Why India must worry but not panic over Pakistan's nuclear cry

If New Delhi has plans in place for retaliation, it should not unnecessarily worry about the rising nuclear weapons across the border.

 |  3-minute read |   23-10-2015

Today, when the US is engaging Pakistan on the issues of non-proliferation and both the states are committing to stay engaged to further build on these issues, the reality looks very different. Few days before Nawaz Sharif’s visit to the US, there was a speculation that the US is exploring an option that could pave the way for the negotiations on civil nuclear energy deal with Pakistan, like the one concluded with India in 2005. Subsequently, this news was denied by the White House.

The latest report by the Bulletin of Atomic Scientists highlights the future on nuclear weapons in Pakistan. The report also claims that Pakistan had around 100 nuclear weapons (warheads) around 2011 and by now their nuclear arsenal has added approximately 20 more warheads. Within the next ten years their overall nuclear inventory could reach to 220 to 250 warheads.

The report also claims that Pakistan has different types of operational nuclear-capable ballistic missiles available and two new cruise missiles are under development. The estimate is that Pakistan could be developing a nuclear weapon capable cruise missile for deployment on submarines.

It needs to be noted that since 2012, by establishing a strategic command, Pakistan is making efforts to build architecture for the development and deployment of a sea-based strategic nuclear force.

What should be the Indian response to this report? Should India take these estimations seriously or overlook them?

Nuclear weapons are not a child’s play and any inputs concerning nuclear neighbours should be taken seriously. Definitely, Pakistan increasing its nuclear weapons and adding new battlefield weapons is a cause of worry for India. Will this start a nuclear weapons race in the subcontinent? It’s too premature to judge this. However, probably Pakistan is keen to start such a race and this is where India needs to remain vigilant.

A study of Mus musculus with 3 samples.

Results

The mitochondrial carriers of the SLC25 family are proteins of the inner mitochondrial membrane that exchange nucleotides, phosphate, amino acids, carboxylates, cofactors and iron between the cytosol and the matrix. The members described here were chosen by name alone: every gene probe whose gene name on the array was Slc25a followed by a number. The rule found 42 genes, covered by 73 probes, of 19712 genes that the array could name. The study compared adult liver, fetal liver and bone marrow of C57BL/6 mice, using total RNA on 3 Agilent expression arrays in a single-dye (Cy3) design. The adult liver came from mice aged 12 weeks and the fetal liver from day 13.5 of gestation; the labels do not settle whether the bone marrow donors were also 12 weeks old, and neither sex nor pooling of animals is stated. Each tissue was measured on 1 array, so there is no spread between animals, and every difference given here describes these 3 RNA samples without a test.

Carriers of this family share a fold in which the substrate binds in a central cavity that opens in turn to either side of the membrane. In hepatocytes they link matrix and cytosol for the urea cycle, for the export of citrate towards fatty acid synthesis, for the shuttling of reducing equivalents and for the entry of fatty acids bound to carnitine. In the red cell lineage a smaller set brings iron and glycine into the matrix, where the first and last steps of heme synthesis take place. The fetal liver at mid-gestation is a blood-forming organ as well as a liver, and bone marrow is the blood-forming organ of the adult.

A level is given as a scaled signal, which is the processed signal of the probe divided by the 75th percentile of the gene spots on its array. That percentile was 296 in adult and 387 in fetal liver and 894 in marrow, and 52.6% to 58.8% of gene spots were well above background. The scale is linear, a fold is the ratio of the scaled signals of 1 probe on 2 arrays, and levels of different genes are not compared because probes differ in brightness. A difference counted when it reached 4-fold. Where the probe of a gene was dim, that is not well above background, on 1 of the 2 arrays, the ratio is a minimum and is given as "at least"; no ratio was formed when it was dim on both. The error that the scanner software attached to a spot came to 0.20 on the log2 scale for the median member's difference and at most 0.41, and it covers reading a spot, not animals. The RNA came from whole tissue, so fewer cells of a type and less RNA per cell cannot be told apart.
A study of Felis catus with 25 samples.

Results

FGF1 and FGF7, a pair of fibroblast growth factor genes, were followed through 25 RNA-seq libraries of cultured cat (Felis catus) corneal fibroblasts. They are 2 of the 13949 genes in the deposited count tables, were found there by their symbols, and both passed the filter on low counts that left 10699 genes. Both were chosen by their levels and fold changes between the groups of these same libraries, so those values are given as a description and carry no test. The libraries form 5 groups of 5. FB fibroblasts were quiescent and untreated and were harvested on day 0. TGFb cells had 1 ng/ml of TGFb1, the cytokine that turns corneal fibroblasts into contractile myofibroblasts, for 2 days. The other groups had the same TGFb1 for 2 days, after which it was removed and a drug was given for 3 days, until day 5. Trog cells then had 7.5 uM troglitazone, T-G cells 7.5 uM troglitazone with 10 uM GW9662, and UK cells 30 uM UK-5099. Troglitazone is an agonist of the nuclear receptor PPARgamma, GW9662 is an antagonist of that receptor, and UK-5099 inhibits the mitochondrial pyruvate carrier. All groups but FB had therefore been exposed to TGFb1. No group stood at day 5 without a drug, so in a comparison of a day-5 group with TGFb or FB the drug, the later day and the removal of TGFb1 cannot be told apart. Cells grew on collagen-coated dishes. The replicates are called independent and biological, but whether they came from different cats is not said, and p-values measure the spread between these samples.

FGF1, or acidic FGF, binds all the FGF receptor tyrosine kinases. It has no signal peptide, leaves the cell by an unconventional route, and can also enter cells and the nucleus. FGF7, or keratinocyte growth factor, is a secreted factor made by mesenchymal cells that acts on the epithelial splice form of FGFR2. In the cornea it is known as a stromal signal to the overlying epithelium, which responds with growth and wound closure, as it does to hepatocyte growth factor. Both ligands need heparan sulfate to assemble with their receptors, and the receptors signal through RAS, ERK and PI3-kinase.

Are numbers important (and relevant) in nuclear war scenario? Is a credible nuclear deterrence number-specific or capacity-specific? What is more important, capability or intent? Is limited nuclear war a possibility? Is there a "space" for conventional war (say Kargil plus type) amongst India and Pakistan? Are any mechanisms available in South Asia to prevent/control an accidental nuclear war? Are only numbers important, when no credible Nuclear Triad has been put in place? What is the relevance of missile defence shield in South Asia? There are far too many questions which require debate before giving any knee jerk response to Pakistan’s nuclear weapon escalatory tactics.

For India, nuclear weapons are the weapons of deterrence and not for use. These are the weapons for the purposes of coercion and intimidation. India has clearly articulated policy of No First Use (NFU), so for us, nuclear weapons become useable weapons only for the purposes of retaliation. It is but obvious that India’s nuclear weapon stockpile is not likely to remain static during the next decade. Under such circumstances, if India has plans in place for the purposes of retaliation (both Pakistan and China specific), then it should not unnecessarily worry about Pakistan.

Also, now time has come for India to think differently. The experience of last two decades or so indicates that nuclear weapons have not helped India significantly to influence Pakistan’s behaviour, however; Pakistan has been able to remain globally relevant owing to their nuclear weapon potential. Naturally, Pakistan would try to push the nuclear envelope further. What is important for India is to remain vigilant, but not to get trapped into the numbers game.


Ajey Lele Ajey Lele

The writer is a Senior Fellow with Institute of Defence Studies and Analyses, Delhi.